The Boston Globe, perhaps to make up for its coverage of the Boston Archdiocese’s sex scandal, started Crux, a web-based publication devoted to reporting on all thing Roman Catholic. Now comes word that the Globe has pulled the plug on Crux.
Eighteen months is not a long time for any new venture to get firmly established. But the scariest part of the paper’s abandonment of Crux is that the vertical actually did get established, at least with readers. Allen said the section rallied roughly 1 million monthly readers, and those numbers “easily doubled” during big news events related to the pope, such as his recent trip to Mexico. Within the religion-journalism world, Crux quickly became a must-read, and Allen’s reporting is widely respected as some of the best-sourced in the business. The Globe could not have run a cleaner experiment in terms of testing market viability—as McGrory himself emphasized, the journalism was extremely high quality, but the dollars just weren’t there.
“It clearly is worrying for people who do this for a living to see a mainstream news organization like The Globe who launched a big project like this and then 18 months later backed out,” Allen said. Religion journalism is a notoriously tough sell for publishers, and the fact that the Globe would emphasize the editorial quality and importance of Crux while still choosing to shutter it suggests a fear of investing in topical coverage that isn’t directly appealing to advertisers. A spokesperson for the Globe maintained that the paper will continue its same level of coverage of the Church—this without Allen and the laid-off staffers, and with the editor of the vertical, Teresa Hanafin, being “redeployed [in] an exciting new position as an early morning writer for Bostonglobe.com,” as McGrory wrote in his memo. “I expect if The Globe had launched a vertical exclusively dedicated to coverage of the Patriots and Red Sox, we would not be here,” Allen said.
From the standpoint of religion journalism, the end of the Globe-supported version of Crux is a significant blow. A number of publications are solely dedicated to covering Catholicism, but the big differences between Crux and those organizations, Allen said, are independence and critical distance. Many outlets are expressly affiliated with the Church, and even independent publications such as The National Catholic Reporter have fairly close ties with Catholic institutions.
But I wonder. As much as I like to read Allen, he also massaged the papacy and the Vatican in much of what he wrote.
For instance, Allen applauded Pope Francis for showing a better way to be a culture warrior (read not to fight):
With regard to Italy’s Family Day, Francis used an address to judges of the main Vatican court on Friday to insist that “there can be no confusion between the family willed by God and any other type of union,” which was taken locally as a green light for resistance to the civil unions measure.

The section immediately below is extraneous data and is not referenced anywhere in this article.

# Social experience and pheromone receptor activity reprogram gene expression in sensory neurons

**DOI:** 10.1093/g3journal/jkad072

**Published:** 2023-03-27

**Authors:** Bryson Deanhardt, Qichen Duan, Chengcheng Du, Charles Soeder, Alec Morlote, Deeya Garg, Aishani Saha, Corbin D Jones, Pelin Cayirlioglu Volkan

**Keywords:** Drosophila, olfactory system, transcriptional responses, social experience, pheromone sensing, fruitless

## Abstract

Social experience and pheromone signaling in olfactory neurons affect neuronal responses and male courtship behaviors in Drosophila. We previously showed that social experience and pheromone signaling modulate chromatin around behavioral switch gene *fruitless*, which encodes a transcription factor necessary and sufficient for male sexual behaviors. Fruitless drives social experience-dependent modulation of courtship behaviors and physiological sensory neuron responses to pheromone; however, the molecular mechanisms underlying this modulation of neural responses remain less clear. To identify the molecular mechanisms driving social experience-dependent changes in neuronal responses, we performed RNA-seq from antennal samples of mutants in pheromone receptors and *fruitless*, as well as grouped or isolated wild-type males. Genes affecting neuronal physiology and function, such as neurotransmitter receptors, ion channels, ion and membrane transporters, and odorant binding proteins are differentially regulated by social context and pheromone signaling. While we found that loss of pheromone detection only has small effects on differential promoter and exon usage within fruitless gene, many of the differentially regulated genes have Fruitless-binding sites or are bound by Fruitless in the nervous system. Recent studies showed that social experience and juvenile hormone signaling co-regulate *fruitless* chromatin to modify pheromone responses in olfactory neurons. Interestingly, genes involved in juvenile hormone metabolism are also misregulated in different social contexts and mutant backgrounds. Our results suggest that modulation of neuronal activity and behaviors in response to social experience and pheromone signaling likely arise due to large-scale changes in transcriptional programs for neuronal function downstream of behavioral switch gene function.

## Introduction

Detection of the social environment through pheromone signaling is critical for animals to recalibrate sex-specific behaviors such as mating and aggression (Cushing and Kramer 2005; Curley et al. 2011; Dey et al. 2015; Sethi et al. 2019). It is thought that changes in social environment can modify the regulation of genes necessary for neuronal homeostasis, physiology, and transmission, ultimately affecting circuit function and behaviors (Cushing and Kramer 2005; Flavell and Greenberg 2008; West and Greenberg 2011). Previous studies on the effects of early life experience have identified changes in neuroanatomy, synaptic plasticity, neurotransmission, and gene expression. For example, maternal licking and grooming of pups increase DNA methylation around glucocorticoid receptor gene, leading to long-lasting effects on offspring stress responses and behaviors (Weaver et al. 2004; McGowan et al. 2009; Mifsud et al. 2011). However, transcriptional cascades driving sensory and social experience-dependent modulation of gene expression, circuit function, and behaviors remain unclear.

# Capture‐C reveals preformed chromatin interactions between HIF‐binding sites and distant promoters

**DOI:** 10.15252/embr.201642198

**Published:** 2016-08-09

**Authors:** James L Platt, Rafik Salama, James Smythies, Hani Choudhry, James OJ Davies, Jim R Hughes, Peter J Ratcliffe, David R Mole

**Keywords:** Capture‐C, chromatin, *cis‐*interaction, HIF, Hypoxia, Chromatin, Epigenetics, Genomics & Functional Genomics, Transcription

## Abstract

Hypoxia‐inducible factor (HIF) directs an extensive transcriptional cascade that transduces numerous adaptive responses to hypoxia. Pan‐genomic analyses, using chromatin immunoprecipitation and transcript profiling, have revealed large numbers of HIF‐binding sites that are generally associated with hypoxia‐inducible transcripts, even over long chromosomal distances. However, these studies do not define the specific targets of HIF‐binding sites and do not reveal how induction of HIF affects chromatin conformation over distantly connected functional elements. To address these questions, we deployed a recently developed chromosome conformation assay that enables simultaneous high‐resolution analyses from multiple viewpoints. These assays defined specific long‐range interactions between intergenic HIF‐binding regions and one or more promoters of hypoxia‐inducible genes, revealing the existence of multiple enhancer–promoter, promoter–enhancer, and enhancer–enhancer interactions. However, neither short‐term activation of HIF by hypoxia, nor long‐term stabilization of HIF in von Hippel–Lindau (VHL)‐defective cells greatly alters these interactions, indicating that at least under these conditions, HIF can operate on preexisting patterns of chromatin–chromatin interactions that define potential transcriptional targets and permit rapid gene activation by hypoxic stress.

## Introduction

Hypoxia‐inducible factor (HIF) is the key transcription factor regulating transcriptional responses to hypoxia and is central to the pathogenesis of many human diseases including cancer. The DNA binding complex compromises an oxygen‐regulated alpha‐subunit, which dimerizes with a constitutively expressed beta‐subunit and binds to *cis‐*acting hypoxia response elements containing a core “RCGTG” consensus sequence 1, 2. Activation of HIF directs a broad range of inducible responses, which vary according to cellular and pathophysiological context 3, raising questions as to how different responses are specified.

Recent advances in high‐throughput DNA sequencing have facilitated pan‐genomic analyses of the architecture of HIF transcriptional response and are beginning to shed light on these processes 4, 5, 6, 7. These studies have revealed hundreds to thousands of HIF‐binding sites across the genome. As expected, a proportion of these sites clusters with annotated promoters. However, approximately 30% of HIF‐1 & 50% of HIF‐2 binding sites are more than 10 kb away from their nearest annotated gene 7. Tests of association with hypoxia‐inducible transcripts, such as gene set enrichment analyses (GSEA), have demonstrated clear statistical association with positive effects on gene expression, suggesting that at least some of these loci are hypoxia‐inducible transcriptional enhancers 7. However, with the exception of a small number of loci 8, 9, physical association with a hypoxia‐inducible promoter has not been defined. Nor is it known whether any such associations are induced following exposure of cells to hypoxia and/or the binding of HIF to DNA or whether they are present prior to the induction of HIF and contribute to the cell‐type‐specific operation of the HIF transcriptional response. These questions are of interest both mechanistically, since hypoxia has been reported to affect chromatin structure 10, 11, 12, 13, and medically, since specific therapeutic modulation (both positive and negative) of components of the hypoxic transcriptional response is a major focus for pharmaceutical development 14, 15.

In the long run, a pope’s impact is measured not just by what he says or does, but also by which impulses in Catholicism rise or fall on his watch. Almost three years in, it does not seem that a drop-off in the Church’s commitment to what St. John Paul II called the “Gospel of Life” will be part of Francis’ legacy.
Perhaps the question is not whether Pope Francis will lead the Church away from its traditional positions, but whether he’s modeling a different way of making the argument.
It’s sometimes been said that the worst enemies of the anti-abortion movement can be the abortion opponents themselves, because they can seem shrill, angry, and judgmental, turning people off to the message because of the unattractiveness of the messengers.
Examples like this pile up.
Others have also wondered about Crux’s reporting on the church:
2016 March for Life. Allen writes “As to the March for Life, Francis didn’t offer any direct endorsement, but US leaders in the anti-abortion movement say they’re convinced he’s got their backs.” Sorry? This sentence says that Francis said and did nothing in regard to the March for Life, reporting only that some pro-lifers feel that the pope supports them. If it is anything, that sentence is not a claim about Francis, it’s a claim about pro-lifers.
Francis need not, of course, have attended the March for Life (no pope has); he need not have sent it a supportive message (though other popes have); he need not even mention the March for Life if he does not wish to. But, if he did not attend, did not greet, and did not even mention the March, how exactly is this series of non-actions evidence that the pope is ‘pioneering’ a new way to oppose abortion? If eisegesis is reading one’s opinions into another’s words, what is it when there literally are no words to read one’s opinions into, but a message is divined from them anyway? . . .
These remarks are not a criticism of Francis—there is no doubt whatsoever where he stands on the gravity of abortion and on the impossibility of ‘gay-marriage’ (even if his manner sometimes muffs his message) and he is not obligated to engage in any specific acts of opposition to either. But my remarks are a criticism of reporters who, with some proclivity these days, seem to offer the pope’s silence on various matters as evidence for what they think he means on various matters. May I suggest, instead, that silence is usually, pretty much, just silence.
Perhaps Allen was too deferential to his subjects and this undermined his relationship with the Globe. Or, perhaps the Globe wanted good public relations with the Boston Roman Catholic community and Crux failed.